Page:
Interactive Voice Response (IVR)

Interactive Voice Response (IVR)

Does Your Business Require Inbound or Outbound IVR?


The difference between outbound and inbound IVR

As far as hardware goes, there is no difference between outbound and inbound IVR. The only difference is what you intend to do with the system when you set it up.

Inbound IVR involves handling incoming customer inquiries, and is the more common of the two. An inbound IVR is perfect for providing customers with the kinds of simple, but frequently asked, information they need to know about a business. This includes hours of operation, brick-and-mortar addresses, web addresses, or more. Additionally, this type of IVR can collect basic customer information from the caller and then present that information to an employee if the caller's question requires a live assistant.

Outbound service, on the other hand, is ideal to automatically call customers to remind them of upcoming appointments, for example, or to alert them that they are past due on a payment. A better illustration of the differences between outbound and inbound IVR is the types of businesses that are best served by them.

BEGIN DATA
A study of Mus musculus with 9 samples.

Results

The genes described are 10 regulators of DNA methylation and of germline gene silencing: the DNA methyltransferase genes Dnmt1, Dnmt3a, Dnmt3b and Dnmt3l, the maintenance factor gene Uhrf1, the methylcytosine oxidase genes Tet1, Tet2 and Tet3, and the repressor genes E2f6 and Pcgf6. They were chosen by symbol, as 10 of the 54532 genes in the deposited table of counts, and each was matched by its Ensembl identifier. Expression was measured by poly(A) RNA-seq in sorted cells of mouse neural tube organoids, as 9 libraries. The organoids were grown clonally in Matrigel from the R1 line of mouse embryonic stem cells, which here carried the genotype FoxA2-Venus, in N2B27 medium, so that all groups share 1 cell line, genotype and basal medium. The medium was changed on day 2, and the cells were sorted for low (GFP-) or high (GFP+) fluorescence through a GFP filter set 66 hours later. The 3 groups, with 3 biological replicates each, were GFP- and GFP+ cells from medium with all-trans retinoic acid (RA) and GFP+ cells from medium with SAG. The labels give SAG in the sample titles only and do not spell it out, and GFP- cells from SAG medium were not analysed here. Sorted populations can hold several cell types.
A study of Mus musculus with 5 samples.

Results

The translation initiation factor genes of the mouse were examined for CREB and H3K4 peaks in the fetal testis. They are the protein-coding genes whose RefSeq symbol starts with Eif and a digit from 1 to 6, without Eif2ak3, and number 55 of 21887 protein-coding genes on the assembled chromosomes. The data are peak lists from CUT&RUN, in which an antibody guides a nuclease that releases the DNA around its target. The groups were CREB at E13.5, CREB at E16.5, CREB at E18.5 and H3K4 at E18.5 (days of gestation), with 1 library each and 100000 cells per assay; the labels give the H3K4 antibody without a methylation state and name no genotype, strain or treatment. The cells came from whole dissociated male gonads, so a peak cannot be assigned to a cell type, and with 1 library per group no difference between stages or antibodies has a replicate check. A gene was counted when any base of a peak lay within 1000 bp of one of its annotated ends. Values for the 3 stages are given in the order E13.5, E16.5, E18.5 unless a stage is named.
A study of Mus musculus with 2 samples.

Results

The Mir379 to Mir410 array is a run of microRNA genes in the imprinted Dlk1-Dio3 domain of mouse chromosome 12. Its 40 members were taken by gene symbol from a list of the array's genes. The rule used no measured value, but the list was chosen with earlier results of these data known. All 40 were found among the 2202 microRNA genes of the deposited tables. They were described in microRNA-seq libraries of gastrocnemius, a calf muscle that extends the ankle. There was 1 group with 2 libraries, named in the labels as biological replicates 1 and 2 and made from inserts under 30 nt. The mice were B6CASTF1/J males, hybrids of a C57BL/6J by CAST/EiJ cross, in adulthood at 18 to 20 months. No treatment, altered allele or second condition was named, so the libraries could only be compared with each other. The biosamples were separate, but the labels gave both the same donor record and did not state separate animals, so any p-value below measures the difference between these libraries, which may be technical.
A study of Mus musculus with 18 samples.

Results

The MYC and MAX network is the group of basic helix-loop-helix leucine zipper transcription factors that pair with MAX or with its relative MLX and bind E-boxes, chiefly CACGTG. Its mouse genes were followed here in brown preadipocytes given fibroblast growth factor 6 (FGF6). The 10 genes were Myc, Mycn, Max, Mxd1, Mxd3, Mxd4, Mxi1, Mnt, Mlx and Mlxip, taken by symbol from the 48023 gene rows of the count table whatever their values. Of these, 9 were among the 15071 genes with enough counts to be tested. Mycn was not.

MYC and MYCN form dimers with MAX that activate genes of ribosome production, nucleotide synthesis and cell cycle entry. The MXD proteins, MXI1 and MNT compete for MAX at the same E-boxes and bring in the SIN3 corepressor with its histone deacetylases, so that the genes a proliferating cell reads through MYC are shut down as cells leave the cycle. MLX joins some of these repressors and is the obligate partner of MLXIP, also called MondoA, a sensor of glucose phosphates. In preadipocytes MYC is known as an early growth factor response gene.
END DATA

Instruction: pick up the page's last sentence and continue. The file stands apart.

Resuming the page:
Businesses that make more outgoing calls will benefit from IVR systems that handle outbound calls. Outbound IVR deals with services such as sales, market research, collection calls, various types of verification, and credit authorization. The types of businesses that practice such services include:

Businesses ideal for inbound IVR

If your business handles more customer inquiries than outgoing calls, inbound IVR is for you. Inbound IVR handles such services as incoming sales/order fulfillment, billing inquiries, sales closures, location services (store locations), help desk/technical support, and customer service.

The following businesses are best served by inbound implementation:

Sometimes you may need both

Not all businesses utilize one or the other. Sometimes a business will need to implement both forms of IVR depending on what their needs are. For example, financial institutions can benefit from both outbound and inbound IVR, because they receive many customer inquiries and often have their own collections department. Healthcare services also can use a combination of the two types: Patients will often need to call to get quick information in case of a medical question, but the office also frequently needs to remind patients about appointments and bills.

Deciding which form of IVR you need might not be a one-and-done decision. Business needs change over time, so it may be wise to choose an IVR provider that can handle both. You never know what you may need later.